Facebook’s Payments Revenue Feels Some Heat, Declines 9% From Last Quarter

The payments and fees revenues of Facebook have declined from $192 million to $176 million over a quarter, which is about 9%, due to the shift of the social gaming industry to mobile devices.

Facebook’s Payments Revenue Feels Some Heat, Declines 9% From Last QuarterAlthough the company may have increased 13% year after year in payment revenues, it cannot be denied that the company has suffered over the first half of the year.

Facebook claims that a rebound is possible this quarter due to the changes how the company analyzes revenues from payments. Before, consumers had a month-long period in order for them to dispute charges before being recorded. The company will now record payments revenue immediately starting this quarter, making an artificial bump.

Since gamers are now transitioning towards mobile devices, Facebook does not earn as much as Google and Apple for the Android and iOS platforms. Thus, they make use of mobile app install ads to earn an indirect share of revenue.

Also, third party developers have limited growth due to Facebook’s reduction of spammer game types on the platform. Facebook has also helped out mid-core developers by favouring long-term games.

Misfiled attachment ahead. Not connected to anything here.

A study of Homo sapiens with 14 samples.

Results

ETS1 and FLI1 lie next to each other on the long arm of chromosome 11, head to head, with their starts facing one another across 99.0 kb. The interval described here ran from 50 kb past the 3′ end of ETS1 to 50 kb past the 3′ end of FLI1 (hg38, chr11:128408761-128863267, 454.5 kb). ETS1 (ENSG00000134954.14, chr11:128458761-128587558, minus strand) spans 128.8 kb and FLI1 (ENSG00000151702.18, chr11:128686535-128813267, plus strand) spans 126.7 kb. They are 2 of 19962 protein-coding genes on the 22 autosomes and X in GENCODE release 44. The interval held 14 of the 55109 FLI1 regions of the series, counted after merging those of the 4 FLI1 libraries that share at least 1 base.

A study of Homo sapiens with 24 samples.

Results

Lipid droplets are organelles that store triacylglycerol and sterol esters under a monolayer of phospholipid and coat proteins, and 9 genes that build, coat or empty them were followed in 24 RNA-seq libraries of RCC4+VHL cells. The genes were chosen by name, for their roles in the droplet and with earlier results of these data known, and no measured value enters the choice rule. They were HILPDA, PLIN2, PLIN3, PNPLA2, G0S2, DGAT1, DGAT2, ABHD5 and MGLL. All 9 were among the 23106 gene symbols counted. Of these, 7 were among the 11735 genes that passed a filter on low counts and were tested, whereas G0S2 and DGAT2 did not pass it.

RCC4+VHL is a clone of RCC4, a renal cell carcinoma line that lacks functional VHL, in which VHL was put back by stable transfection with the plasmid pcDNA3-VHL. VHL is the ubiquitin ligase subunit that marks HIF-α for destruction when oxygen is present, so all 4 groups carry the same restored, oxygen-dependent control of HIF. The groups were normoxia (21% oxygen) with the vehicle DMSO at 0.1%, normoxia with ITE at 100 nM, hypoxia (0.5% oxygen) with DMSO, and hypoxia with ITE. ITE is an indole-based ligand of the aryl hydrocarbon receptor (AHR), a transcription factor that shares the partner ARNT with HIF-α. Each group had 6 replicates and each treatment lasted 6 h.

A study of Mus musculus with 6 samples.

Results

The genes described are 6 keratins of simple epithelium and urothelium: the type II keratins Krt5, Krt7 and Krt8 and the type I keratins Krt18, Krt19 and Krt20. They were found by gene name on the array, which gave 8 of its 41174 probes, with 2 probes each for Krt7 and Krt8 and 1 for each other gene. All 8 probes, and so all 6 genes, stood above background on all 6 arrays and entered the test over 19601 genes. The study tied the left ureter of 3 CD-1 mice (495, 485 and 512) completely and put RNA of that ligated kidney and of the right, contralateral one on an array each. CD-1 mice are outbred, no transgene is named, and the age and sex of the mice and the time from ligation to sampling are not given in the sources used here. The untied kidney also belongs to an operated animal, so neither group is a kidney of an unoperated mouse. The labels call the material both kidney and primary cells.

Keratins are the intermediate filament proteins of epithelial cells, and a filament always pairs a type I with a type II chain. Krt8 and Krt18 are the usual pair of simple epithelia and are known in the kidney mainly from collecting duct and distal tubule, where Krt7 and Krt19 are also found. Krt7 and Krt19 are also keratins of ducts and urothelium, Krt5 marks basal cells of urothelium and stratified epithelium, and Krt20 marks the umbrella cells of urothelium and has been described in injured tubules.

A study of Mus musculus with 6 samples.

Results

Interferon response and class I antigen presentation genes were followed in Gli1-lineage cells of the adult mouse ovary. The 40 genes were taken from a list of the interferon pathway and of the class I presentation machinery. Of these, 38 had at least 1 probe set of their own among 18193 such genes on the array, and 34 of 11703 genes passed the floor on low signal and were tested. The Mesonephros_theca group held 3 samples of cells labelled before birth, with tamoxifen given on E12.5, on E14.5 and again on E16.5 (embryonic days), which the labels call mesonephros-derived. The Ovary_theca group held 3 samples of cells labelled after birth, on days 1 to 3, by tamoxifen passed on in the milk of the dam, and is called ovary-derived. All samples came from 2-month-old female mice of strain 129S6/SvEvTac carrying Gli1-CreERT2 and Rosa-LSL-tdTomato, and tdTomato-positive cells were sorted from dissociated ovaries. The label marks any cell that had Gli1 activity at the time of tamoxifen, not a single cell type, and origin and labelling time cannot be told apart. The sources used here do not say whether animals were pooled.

Because of this, the payment revenues of Facebook have been constantly sluggish for a number of quarters and the decline is not surprising.

Key Stats

  • Facebook’s payments revenue declined from $192 million to $176 million
  • In percentage, that equates to a 9% decline
  • Overall payment revenues year on year increased by 13%

Sourcetechcrunch.com

Covered by my Visible Banking Team


Based in London for almost a decade, Christophe is an entertaining fintech marketing keynote speaker and a trusted advisor to the global financial services industry on the topics of digital marketing, innovation and B2B social media.

Christophe has contributed to over 140 events in 18 countries.

Currently, Christophe is advising a number of fintech startups on marketing and growth hacking and he is the Chief Marketing Officer of The Fintech Power 50, an exclusive annual programme helping fintech scale-ups to accelerate their growth globally.

Christophe's views on VisibleBanking.com are his own.